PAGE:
Hicham Benaissa is a sociologist that has worked on the stakes of the sustainable implantation of Islam in France and Europe. He published an op-ed article entitled «Islam became a “problem” in France when Muslims became French» in Le Monde.
The Law against separatism we referred to in a previous article will certainly restrain the display of religious belonging in different sectors of public life. For employees of companies that are subcontracted by the State for example.
According to Hicham Benaissa, this is because laicité is more and more confused with religious neutrality, not only of the State but also of the people. His explanation as to why this is the case starts some 50 years ago…
Soon after the major immigration waves from Algeria had hit France, factory workers started to make specific demands. The installation of prayer rooms in factories, or the modification of work hours and conditions during Ramadan for example. These demands were promptly met at the time, due to the fact that it was seen both by the State and by employers as a «strong means of social regulation».
Hicham Benaissa, therefore, asks: why has it changed so much between then and now? What is different? He brings the following answer to the table…
The Myth of Return
At the time, the French Government had realized that, given the economic situation and the state of France’s labour market, it was not fit anymore to host such a great number of immigrants. They took public action. Amongst others, the aid for the return program, which consisted of granting financial aid to any immigrant wishing to return to his or her country of origin. The nature of these policies further reinforced the global consensus in public opinion. « The immigrants would not stay forever », let alone become an integral part of French society.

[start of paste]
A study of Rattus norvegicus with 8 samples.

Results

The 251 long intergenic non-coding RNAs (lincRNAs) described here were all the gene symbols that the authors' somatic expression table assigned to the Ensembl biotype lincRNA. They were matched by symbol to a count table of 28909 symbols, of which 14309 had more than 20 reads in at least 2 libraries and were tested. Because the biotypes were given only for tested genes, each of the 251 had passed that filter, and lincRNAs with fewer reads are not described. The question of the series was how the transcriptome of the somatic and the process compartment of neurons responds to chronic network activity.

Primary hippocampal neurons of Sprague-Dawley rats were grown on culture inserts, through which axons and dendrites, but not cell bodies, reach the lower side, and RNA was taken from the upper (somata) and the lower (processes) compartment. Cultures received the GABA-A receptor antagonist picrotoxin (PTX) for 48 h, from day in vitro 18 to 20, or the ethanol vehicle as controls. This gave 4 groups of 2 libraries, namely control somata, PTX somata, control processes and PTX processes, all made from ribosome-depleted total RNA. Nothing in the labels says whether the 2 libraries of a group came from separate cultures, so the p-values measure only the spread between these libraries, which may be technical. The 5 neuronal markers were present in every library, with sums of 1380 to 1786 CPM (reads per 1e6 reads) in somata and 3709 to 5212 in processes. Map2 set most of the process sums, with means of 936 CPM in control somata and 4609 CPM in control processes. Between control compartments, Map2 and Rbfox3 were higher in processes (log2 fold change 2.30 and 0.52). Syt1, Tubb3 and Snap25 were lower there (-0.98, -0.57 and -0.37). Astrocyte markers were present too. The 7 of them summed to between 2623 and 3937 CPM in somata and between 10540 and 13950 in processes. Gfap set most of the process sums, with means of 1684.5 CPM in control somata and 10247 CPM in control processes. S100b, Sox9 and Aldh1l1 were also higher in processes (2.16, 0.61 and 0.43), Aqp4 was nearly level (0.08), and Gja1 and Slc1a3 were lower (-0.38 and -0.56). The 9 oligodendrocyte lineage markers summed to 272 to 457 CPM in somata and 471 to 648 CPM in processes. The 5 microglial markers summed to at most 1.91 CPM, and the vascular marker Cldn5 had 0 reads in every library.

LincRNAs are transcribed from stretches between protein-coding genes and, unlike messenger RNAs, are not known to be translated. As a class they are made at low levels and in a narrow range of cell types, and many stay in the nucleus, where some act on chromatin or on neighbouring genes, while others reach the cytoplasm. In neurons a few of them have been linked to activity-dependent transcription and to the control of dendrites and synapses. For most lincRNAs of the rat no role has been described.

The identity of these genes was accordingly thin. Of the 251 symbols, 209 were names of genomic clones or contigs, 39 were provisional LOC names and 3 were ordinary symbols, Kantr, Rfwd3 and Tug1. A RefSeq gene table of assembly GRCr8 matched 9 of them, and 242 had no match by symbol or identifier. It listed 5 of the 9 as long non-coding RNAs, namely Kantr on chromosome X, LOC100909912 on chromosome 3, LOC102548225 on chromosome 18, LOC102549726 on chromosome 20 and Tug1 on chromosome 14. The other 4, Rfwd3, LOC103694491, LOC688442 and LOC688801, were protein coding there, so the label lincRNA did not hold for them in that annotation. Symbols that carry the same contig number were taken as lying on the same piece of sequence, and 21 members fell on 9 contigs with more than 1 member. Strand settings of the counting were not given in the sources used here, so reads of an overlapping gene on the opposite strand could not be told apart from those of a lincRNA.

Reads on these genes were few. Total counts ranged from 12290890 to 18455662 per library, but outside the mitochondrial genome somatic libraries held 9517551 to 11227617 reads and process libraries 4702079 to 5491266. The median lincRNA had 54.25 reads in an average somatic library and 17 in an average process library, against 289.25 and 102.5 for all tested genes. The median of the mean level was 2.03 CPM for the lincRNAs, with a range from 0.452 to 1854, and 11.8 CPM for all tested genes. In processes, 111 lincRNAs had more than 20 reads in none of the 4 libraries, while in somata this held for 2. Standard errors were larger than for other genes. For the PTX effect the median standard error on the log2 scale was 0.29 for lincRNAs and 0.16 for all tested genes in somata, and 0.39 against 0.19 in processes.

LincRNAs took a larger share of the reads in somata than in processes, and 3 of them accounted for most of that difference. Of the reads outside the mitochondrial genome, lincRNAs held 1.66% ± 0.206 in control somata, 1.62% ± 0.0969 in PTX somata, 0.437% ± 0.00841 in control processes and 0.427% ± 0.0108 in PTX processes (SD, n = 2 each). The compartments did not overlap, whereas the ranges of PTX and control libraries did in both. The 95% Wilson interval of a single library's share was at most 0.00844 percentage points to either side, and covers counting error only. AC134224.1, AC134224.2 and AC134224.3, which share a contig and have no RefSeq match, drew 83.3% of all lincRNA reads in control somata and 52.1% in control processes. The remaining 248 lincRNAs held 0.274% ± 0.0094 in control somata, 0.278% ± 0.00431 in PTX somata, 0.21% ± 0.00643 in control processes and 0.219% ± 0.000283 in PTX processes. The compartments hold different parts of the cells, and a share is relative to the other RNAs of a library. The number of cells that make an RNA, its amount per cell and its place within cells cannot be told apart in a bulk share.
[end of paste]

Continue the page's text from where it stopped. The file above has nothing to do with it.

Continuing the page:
The end of the myth, and why it is a problem
With time, it became abundantly clear that they were here to stay: people married, founded families and raised children on French soil. These children grew up between their culture of heritage, on one side. And on the other, the culture of their home country.
Through education, they emancipated themselves from their parent’s social group affiliation. They made it obvious that they were willing – and succeeding- to integrate French society. After all, they had citizenship, and they simply felt French to an extend. Maybe a little different kind of French. But how many different kinds of French were there anyway?
The need for a new interpretation of the French concept of Nation
Hicham Benaissa concludes by underlining a fundamental problem in contemporary France’s public discourse. Its refusal to accept the fact that its society is not, and cannot be homogenous.
The instrumentalisation of laicité «reduced to its sole principle of neutrality» may seem like the perfect tool to erase these disparities in the short-term. But to constrain a country’s citizens on their fundamental freedoms is not a sustainable way of action for a democratic State. Like any other country, France will have to adapt to today’s globalized world. The time of all citizens of a nation having virtually the same cultural background is long gone.
Recent events in France since the publication of the article can add to the debate. The Minister of Higher Education, Frédérique Vidal, as sparked a polemic. She ordered a report on the so-called «islamo-leftism» in the French academic discourse. The universities reaction was, on one side a very corporatist one. Claiming that the State had not to interfere with what was taught in universities. On the other hand, they were also extremely defensive.